A Day in the Life of a Quartet Care Navigator

Quote from Care Navigator

May 18, 2022

Quartet’s Care Navigators play an important role in making sure patients are connected to the right care for their clinical needs. Here’s a snapshot into a typical day of one of our Care Navigators, Jen Ellison, and her role in patients’ care journeys.


What is your background? How long have you been with Quartet, and how did you get here? 

I joined Quartet almost exactly a year ago! I transitioned here from Duke, where I worked with newly postpartum parents and as a care manager for Population Health. Prior to Duke, I spent more than a decade as a therapist in community mental health.


Describe your role at Quartet.

I’m the Clinical Care Navigator for Quartet’s New Jersey and Pennsylvania markets. I work on connecting clinically complex patients to providers, support patients with acute needs who require triage, consult on clinical issues with other Care Navigators, and evaluate high acuity new referrals to ensure these patients are safe to wait for connection to care.


What does a typical day look like for you? 

It varies a good bit! I usually jump in to help my market team with any backlog needs and make some calls to our East Coast patients first, then transition to reviewing clinically acute new referrals and expediting those patients as appropriate. I often field a Slack or two to review complex cases and next steps for other CNs. At any point, I may need to stop what I’m doing to take an incoming call from a distressed patient, one experiencing a medication shortage or mental health crisis, or a patient who needs expedited connection to a provider.


What kinds of patients do you most commonly support? What kinds of needs or problems are they facing with regards to care? 

As a Clinical Care Navigator, the patients I work with usually have significant mental health concerns (Bipolar Disorder, schizophrenia) or are using substances. These patients may face obstacles related to how their mental symptoms impact their functioning (lack of energy/motivation, anxiety, cognitive distortions, SI, hallucinations or delusions), so being able to streamline the process of getting them connected to a provider is really invaluable.


Can you share some memorable or particularly rewarding patient cases that have stood out to you?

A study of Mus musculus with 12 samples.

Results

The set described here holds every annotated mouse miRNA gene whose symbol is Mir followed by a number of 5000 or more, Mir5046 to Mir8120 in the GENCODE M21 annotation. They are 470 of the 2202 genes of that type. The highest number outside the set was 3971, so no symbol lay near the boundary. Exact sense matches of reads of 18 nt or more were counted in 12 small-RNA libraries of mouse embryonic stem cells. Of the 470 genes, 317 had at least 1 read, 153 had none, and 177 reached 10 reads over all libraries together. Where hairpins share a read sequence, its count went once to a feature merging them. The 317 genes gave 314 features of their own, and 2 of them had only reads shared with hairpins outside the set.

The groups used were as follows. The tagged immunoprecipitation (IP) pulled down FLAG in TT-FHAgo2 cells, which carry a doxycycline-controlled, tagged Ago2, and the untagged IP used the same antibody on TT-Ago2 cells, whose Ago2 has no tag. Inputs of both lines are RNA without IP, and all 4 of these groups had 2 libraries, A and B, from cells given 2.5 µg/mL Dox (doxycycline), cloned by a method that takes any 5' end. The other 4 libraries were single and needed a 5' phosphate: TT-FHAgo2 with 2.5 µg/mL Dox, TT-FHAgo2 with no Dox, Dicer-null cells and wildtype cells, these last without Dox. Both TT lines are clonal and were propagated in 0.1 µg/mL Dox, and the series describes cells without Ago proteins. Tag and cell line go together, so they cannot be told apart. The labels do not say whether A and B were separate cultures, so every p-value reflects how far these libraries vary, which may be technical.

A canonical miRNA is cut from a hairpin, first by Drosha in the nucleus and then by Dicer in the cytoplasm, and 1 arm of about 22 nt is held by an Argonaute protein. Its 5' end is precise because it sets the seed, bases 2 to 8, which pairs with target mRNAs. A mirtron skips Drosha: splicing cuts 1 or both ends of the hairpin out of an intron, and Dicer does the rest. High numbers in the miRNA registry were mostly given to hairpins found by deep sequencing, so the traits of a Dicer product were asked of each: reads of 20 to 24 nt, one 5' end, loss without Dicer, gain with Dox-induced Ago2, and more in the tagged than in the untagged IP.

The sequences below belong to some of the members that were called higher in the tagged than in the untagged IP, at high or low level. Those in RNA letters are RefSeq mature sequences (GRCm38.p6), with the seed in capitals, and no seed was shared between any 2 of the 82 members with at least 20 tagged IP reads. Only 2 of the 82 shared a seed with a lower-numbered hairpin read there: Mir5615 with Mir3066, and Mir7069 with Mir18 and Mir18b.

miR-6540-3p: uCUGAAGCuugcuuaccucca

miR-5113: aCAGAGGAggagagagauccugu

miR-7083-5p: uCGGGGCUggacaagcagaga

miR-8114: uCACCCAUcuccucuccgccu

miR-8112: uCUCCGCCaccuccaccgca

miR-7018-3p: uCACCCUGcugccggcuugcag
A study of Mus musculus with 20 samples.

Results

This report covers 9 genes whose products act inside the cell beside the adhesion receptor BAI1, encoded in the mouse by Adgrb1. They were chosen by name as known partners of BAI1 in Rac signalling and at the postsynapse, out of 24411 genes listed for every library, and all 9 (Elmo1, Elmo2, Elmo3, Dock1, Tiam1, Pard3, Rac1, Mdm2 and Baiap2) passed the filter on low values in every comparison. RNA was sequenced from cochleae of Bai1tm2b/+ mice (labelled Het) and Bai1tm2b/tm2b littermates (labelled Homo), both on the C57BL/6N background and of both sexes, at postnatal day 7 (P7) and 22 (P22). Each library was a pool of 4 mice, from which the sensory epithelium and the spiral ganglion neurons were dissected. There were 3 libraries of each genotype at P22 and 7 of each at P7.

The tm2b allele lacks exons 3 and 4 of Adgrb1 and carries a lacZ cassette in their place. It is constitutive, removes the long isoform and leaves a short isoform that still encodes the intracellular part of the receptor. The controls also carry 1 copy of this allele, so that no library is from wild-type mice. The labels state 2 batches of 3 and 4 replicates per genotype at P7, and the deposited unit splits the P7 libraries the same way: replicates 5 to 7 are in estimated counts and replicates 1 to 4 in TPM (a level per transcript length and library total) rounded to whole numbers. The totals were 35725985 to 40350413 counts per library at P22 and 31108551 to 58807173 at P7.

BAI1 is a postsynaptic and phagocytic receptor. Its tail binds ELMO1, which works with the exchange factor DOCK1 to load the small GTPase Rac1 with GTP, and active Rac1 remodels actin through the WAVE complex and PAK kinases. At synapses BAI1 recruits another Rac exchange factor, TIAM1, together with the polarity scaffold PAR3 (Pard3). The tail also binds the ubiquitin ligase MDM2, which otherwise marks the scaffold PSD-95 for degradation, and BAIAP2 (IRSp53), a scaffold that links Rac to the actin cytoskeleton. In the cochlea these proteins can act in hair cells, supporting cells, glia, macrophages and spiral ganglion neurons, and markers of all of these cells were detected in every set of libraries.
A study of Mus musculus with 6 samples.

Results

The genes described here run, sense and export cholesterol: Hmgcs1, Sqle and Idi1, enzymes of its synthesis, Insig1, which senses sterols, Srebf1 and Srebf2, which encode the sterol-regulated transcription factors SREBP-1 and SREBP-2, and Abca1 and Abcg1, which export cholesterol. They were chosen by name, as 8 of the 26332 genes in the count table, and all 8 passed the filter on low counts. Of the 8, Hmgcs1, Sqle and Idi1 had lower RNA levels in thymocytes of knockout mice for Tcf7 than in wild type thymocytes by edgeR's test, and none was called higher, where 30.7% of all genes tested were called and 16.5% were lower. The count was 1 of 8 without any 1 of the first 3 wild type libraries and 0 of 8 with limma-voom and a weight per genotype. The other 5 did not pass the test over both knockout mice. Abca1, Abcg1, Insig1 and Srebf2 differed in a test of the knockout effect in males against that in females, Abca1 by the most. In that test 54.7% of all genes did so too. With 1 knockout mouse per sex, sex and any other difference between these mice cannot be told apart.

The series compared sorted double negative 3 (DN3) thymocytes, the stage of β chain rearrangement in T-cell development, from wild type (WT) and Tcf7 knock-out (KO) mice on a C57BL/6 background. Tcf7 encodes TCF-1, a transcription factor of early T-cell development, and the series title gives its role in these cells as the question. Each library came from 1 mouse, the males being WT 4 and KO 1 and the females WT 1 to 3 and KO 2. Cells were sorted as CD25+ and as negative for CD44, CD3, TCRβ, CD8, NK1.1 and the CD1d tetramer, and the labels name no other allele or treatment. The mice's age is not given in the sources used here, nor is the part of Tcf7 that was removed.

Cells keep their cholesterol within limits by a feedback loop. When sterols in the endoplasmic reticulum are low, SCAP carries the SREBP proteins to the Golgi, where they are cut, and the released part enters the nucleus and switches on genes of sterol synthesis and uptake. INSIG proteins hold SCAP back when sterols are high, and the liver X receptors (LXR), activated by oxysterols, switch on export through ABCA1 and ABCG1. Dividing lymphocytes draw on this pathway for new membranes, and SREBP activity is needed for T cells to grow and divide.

Most recently, there was an older woman who was homebound and had chronic pain, and she had never tried therapy before. I caught her on a difficult day and she expressed that while she wouldn’t harm herself, she didn’t want to be here anymore. She really wasn’t enjoying anything about her life and wasn’t sure therapy could be helpful. I validated her experience, tried to build rapport with her, and offered hope that if nothing else, therapy could at least decrease her isolation. It was enough to open her to giving it a try (or as she said: “why the heck not?”).

There was also a patient we’d connected to care who became tearful when I called her to follow up on a recent appointment with her matched provider. She shared that she felt heard and seen by her provider, that he didn’t judge her or her situation, and that Quartet had been incredibly helpful in connecting her to him “at a time when I could barely function”. It was a reminder of why we do what we do. Folks experiencing mental health symptoms or healing from trauma often don’t have the mental and emotional energy needed for finding treatment. We get to help lessen the load.


How have patients responded to the part you’ve played in their care journey?

I’m from the South. When I started at Quartet, a lot of folks warned me that “people from New Jersey aren’t like people from North Carolina”. I envisioned a stereotype: blunt, abrasive, too busy to talk to me – which is actually the opposite of the people I’ve encountered in my market. I’m always taken aback by the kindness and gratitude I so often hear expressed by our patients, even in the midst of whatever difficulty is leading them to mental health treatment.


What do you love about your job?

I came to Quartet because improving access to care is something  I’ve wanted to work on for years, ever since I was in community mental health and saw the barriers folks encountered trying to get to care. I love getting to do the work of connecting our patients to mental health treatment. I love partnering with them to navigate barriers, and breaking down stigma by talking candidly with them about their mental health. And I love working with a team of smart, dedicated people who share that same passion for improving access.